We solve hard problems that matter.

Computational Modeling and Simulation

Medical Device Design and Optimization

Our experts can provide an optimum solution for medical device development using computational modeling and simulation (CM&S), also known as computer aided engineering (CAE).  We use general linear/nonlinear mechanics and fully coupled engineering physics to design and optimize device design, evaluate the performance of devices (e.g., virtual testing such as fatigue life evaluation and RF heating related to MRI), and optimize design considering manufacturability (design for manufacturing) before physical prototyping.  By leveraging CM&S early in the product life cycle, we can significantly shorten the time and cost of product development.  We are active in research and publication with the ultimate goal of reducing the burden of the medical device development and approval process while improving or maintaining patient safety. Our experience dates back to using CAE for mechanical evaluations of the first coronary stent approved by the FDA.

At MED Institute we have expertise using state-of-the-art finite element software such as Abaqus and COMSOL Multiphysics to simulate a variety of complex problems including:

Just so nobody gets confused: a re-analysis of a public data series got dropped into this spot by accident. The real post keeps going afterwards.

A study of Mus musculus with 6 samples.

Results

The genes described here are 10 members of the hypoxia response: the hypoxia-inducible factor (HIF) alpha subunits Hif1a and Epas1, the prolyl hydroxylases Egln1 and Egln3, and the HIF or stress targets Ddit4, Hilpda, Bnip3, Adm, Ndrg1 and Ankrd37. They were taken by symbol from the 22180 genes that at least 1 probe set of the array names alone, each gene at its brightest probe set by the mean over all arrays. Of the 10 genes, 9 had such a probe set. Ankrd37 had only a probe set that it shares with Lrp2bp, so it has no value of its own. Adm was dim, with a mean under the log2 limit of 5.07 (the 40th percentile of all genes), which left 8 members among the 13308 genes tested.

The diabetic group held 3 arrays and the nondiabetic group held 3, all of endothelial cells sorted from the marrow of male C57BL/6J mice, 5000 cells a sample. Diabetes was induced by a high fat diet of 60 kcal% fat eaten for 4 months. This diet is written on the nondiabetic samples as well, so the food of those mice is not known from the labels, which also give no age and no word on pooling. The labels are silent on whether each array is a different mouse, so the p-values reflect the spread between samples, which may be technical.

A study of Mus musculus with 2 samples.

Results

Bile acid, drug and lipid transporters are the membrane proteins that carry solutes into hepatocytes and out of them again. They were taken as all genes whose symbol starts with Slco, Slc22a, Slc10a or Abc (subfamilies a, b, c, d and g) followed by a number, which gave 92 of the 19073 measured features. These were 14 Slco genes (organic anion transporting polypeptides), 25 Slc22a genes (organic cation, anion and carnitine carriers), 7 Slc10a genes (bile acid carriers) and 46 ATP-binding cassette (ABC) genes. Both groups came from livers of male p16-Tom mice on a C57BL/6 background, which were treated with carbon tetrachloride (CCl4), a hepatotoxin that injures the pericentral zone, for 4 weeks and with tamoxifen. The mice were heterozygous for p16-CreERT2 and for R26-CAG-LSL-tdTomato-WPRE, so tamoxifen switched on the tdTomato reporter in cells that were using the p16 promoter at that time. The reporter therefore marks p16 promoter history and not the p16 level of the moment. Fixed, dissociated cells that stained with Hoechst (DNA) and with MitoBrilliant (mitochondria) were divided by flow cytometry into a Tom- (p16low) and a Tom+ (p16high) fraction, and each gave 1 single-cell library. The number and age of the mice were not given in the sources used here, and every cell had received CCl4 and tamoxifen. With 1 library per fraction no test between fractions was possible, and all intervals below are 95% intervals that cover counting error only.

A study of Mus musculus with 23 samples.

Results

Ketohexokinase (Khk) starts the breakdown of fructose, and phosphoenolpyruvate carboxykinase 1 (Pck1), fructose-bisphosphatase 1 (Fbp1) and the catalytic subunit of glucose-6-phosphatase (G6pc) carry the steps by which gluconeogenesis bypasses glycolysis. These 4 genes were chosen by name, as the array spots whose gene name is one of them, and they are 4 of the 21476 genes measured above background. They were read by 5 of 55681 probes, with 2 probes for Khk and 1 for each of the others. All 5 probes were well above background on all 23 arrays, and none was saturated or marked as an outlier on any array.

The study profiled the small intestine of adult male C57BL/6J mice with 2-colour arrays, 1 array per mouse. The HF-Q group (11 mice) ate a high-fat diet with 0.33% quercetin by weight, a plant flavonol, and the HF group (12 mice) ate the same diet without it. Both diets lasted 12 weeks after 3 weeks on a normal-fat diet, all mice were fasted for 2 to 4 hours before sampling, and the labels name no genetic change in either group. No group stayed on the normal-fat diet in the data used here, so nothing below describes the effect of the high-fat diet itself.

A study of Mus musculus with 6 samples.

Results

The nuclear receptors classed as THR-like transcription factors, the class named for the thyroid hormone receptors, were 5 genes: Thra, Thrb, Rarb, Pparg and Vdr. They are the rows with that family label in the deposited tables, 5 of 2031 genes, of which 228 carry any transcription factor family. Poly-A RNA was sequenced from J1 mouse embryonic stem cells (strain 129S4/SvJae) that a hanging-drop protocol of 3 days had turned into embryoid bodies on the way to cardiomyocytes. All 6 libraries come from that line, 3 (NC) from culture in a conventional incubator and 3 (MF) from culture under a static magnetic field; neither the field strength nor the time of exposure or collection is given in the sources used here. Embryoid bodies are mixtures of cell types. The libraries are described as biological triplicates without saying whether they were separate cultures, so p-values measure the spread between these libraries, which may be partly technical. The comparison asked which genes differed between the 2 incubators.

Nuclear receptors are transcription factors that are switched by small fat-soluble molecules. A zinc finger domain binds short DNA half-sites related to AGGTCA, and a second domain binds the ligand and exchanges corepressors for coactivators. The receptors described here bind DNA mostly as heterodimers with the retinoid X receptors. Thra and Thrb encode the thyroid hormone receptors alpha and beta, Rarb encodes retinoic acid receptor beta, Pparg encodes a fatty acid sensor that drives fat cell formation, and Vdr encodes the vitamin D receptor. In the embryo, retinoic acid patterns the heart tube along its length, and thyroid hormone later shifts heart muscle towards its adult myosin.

• Topology and shape optimization
  • Linear and nonlinear structural analysis
  • Computational fluid dynamics (CFD) and fluid structure interaction (FSI)
  • Dynamic analysis
  • Multiphysics simulation with electromagnetic coupled heat transfer for RF-induced heating of medical devices during MRI*
  • Durability (fatigue life) evaluation.* Determination of constant life curve (fatigue endurance limit)
  • Modeling of biocompatible materials such as nitinol, stainless steel, cobalt chrome, titanium, and polymers for analysis
  • Heat transfer
  • Design for Manufacturing
  • Ongoing research collaboration with the Center for Devices and Radiological Health (CDRH) at FDA on the topic of computational modeling and simulation

* Regulatory authorities have accepted testing only the worst-case device identified by the analysis among the same family of devices, which has led to tremendous savings of testing time and costs for the medical device industry.